Emerging markets: Growth rates vary widely from country to country

Economic outlook - 4/18/2016

- The emerging regions used to expand at about the same rate, but not any more. And the divergences will last - Manufacturing PMIs are a good gauge of this macroeconomic reality

Throughout their 2000-2008 boom the emerging economies expanded at a fairly uniform rate. Since then, however, their trajectories have diverged (see left-hand chart below). GDP growth in mainland China and India now exceeds the pace of the more "mature" economies of South Korea, Mexico and Taiwan while commodity exporters like Russia and Brazil bring up the rear.

The most frequently heard explanations for this disparity are the reversal in the raw materials supercycle and the strength of the US dollar. But while these factors have indeed affected the emerging countries' momentum to varying degrees, they are not the only forces at work.

From a structural standpoint, wage growth began to exceed productivity gains from 2010 onwards, undermining competitiveness. This can be seen in emerging companies' annual financial statements, including as narrowing profit margins (see right-hand chart below).

In the long run such declines in profitability can undermine a country's overall economy by dragging down its potential growth rate. In other words, even by using its capital and labour as efficiently as possible, the country will see its maximum level of production drop below the average registered in the past (provided inflation remains stable). In the case of commodity-producing countries, GDP growth is generally reduced even further because they fail to counterbalance their dependence on raw-materials exports by diversifying their economies.


Although manufacturing PMIs are designed as gauges of business confidence, their readings are often quite close to those of GDP growth. Thus they can also be used as a proxy for the latter (see left-hand chart below). 

Mexico and India rank among the most dynamic emerging economies. It is worth noting that these two countries have both demonstrated unusually strong willpower by introducing the structural reforms needed to revitalise domestic productivity. The case of India is nothing short of remarkable, as illustrated by its leap in general competitiveness.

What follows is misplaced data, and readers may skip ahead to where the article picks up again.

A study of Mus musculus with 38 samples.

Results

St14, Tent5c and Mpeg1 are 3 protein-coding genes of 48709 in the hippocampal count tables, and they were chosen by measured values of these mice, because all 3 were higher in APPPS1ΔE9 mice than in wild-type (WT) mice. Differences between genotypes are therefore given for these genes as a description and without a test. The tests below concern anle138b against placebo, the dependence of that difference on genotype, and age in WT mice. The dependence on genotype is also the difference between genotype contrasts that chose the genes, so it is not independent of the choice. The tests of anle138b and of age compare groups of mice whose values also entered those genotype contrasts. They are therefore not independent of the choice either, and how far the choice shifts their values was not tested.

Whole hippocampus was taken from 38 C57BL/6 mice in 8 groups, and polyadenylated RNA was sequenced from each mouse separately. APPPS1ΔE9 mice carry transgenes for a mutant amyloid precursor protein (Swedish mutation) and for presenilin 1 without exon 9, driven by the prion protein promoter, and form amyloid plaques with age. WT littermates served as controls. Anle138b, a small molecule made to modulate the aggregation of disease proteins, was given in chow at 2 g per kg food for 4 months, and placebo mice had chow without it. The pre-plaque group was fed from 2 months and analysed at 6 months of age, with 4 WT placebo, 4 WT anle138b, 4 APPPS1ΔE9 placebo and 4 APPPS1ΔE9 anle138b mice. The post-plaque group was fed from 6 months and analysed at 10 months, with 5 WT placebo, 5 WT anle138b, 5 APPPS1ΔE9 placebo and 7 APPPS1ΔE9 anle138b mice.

China's GDP growth slowed to +6.7% in the first quarter of 2016. But while the continuing downturn in manufacturing was foreseeable in view of operational inefficiencies, the country locked in the first tangible benefits of the authorities' monetary and fiscal stimulus designed to boost domestic activity. The challenge they face is to apply this support in proper doses. The real estate market needs to be shored up in average-sized cities, which are burdened by oversupply; but, at the same time, overheating has to be avoided in the biggest urban centres. The industrial sector needs to be streamlined by shifting surplus labour to the services sector. The special nature of these adjustments requires targeted fiscal and budget measures rather than cuts in interest rates. In China opting for this latter policy has often resulted in property speculation and a credit binge. 

The current disconnect between the growth rates in China's manufacturing and service sectors (+5.8% and +7.6% respectively) is natural for an economy in transition (see right-hand chart above). While the pace has slackened a bit in services lately, the downturn should be temporary and reflects a return to normal in financial trading, a segment that was artificially pumped up by the stockmarket boom in early 2015. Yet the support mechanisms that Beijing is resorting to mainly include infrastructure spending—just the kind of gambit that China is supposed to be getting away from. And the use of credit to finance this expenditure will add to the country's debt overhang, already equivalent to 249% of GDP.

Meanwhile Russia and Brazil are the most flagrant examples of economies that live off energy and mineral royalties and are unable to develop new engines of growth. Brazil's creaking, uncompetitive manufacturing sector is a perfect illustration of so-called "Dutch disease". Moreover, the current political crisis is not helping matters. A motion to impeach the president, Dilma Rousseff, received 71.5% support in the lower house of Parliament and will now go before the Senate, where a simple majority is needed for it to pass. A special committee will be formed to recommend impeachment to the senators, who will vote in mid-May. If Rousseff is ousted, she will be replaced for 180 days by the vice-president, Michel Temer. Removing Rousseff from office is no guarantee that the economy will turn up any time soon, but a return to political peace would make it possible to adopt remedial measures and thus mark a step in the right direction.       

The divergence in growth rates between emerging economies is bound to continue. Ironically, the countries that already have the strongest economic potential are often the ones that are also introducing the structural reforms needed to spur competitiveness.